Sacrifice theme returns to US politics
Both McCain and Obama cite the need for selflessness and service.
A key to public acceptance is how sacrifice is characterized. Mr. Carter’s initial calls to sacrifice were successful, Zogby argues. “We did put sweaters on, and we did turn our thermostats down. But then he turned it into a malaise and blamed the victim, which didn’t cut it.”
Americans have been cranky about high gasoline prices this summer and Congress’s vote to spend billions to bail out troubled banks. But the credit crunch, plummeting stock market, and risk of severe recession have been sobering. “Now somebody has to connect it and say, ‘There’s more sacrifice to come, but now it’s for something better – a better nation,’ ” Zogby says.
Of the two candidates, some analysts say, Obama has been more effective in evoking sacrifice than has McCain, who relies on his own history to stand as an example in itself.
“Obama’s goal is to look more like Franklin Roosevelt,” says Darrell West, director of governance at the Brookings Institution, a Washington think tank. “We faced a real challenge in the 1930s, and people ... were willing to sacrifice because they knew the future of the country depended on it.
Obama has to basically say, ‘We’re facing a crisis on the level of the Great Depression, and we’re going to have to make sacrifices if we’re going to solve this.’ ”
When McCain talks about sacrifice, it’s usually in terms of national security. He has also said a “call to serve” will be central to his administration. But on the campaign trail, the Republican candidate has shied away from asking average people to sacrifice directly. Some analysts see his attack on Obama for “redistributing the wealth” as a kind of code for “Obama will ask you to sacrifice your money” – something that has never played well politically.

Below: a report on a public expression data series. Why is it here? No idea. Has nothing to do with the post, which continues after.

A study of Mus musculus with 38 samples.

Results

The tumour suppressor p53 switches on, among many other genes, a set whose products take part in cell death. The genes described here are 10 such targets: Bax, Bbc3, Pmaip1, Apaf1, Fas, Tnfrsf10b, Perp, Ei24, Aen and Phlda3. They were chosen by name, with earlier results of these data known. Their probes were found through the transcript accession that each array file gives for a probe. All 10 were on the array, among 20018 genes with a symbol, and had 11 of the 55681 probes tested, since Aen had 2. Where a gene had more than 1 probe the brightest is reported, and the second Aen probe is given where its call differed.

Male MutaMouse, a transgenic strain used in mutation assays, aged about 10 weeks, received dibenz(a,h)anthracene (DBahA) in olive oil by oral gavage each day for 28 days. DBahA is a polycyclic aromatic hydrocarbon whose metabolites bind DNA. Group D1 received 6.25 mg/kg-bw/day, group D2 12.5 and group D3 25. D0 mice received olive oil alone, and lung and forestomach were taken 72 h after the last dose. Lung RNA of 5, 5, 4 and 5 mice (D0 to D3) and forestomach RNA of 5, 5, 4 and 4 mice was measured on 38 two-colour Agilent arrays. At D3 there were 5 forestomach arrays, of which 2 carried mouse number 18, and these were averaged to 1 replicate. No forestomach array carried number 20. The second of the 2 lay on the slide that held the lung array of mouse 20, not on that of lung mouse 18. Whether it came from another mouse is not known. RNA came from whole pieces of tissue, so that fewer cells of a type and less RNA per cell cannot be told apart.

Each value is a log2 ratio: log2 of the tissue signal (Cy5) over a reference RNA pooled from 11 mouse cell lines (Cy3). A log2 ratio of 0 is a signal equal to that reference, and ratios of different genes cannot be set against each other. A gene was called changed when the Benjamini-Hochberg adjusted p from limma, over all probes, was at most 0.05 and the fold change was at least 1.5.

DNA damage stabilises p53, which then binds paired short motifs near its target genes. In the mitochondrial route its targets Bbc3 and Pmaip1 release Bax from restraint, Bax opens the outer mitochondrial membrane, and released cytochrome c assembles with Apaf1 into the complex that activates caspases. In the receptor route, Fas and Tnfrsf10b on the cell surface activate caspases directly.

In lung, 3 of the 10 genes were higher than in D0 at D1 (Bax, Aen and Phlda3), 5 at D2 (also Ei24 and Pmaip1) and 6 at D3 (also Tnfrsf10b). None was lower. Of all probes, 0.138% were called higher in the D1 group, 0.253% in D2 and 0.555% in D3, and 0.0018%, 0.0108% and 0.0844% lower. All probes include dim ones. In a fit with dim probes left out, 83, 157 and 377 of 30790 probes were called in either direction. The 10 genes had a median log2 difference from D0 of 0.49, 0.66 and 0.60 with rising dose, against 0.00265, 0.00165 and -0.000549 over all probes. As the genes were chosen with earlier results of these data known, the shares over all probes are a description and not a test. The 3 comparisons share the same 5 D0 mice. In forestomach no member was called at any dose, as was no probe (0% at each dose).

“What McCain’s doing is saying, ‘You mean that anybody is supposed to give anything up for anything else? That’s not what we do,’ ” says Professor Leff. “Sacrifice is OK and absolutely legit if you’re talking about soldiers, but that’s it.”
Whichever candidate is elected Tuesday, levels of public involvement in the campaign so far and high voter turnout could indicate a fundamental change in American political discourse and expectations.
“We may be on the verge of a substantial shift in ... the political dialogue and rhetoric that dominate American politics,” says Dr. Thorndike, the “War and Taxes” coauthor, in an interview. “We have a real crisis right now that presents an opening for someone who knows how to rally the country in pursuit of a common objective.”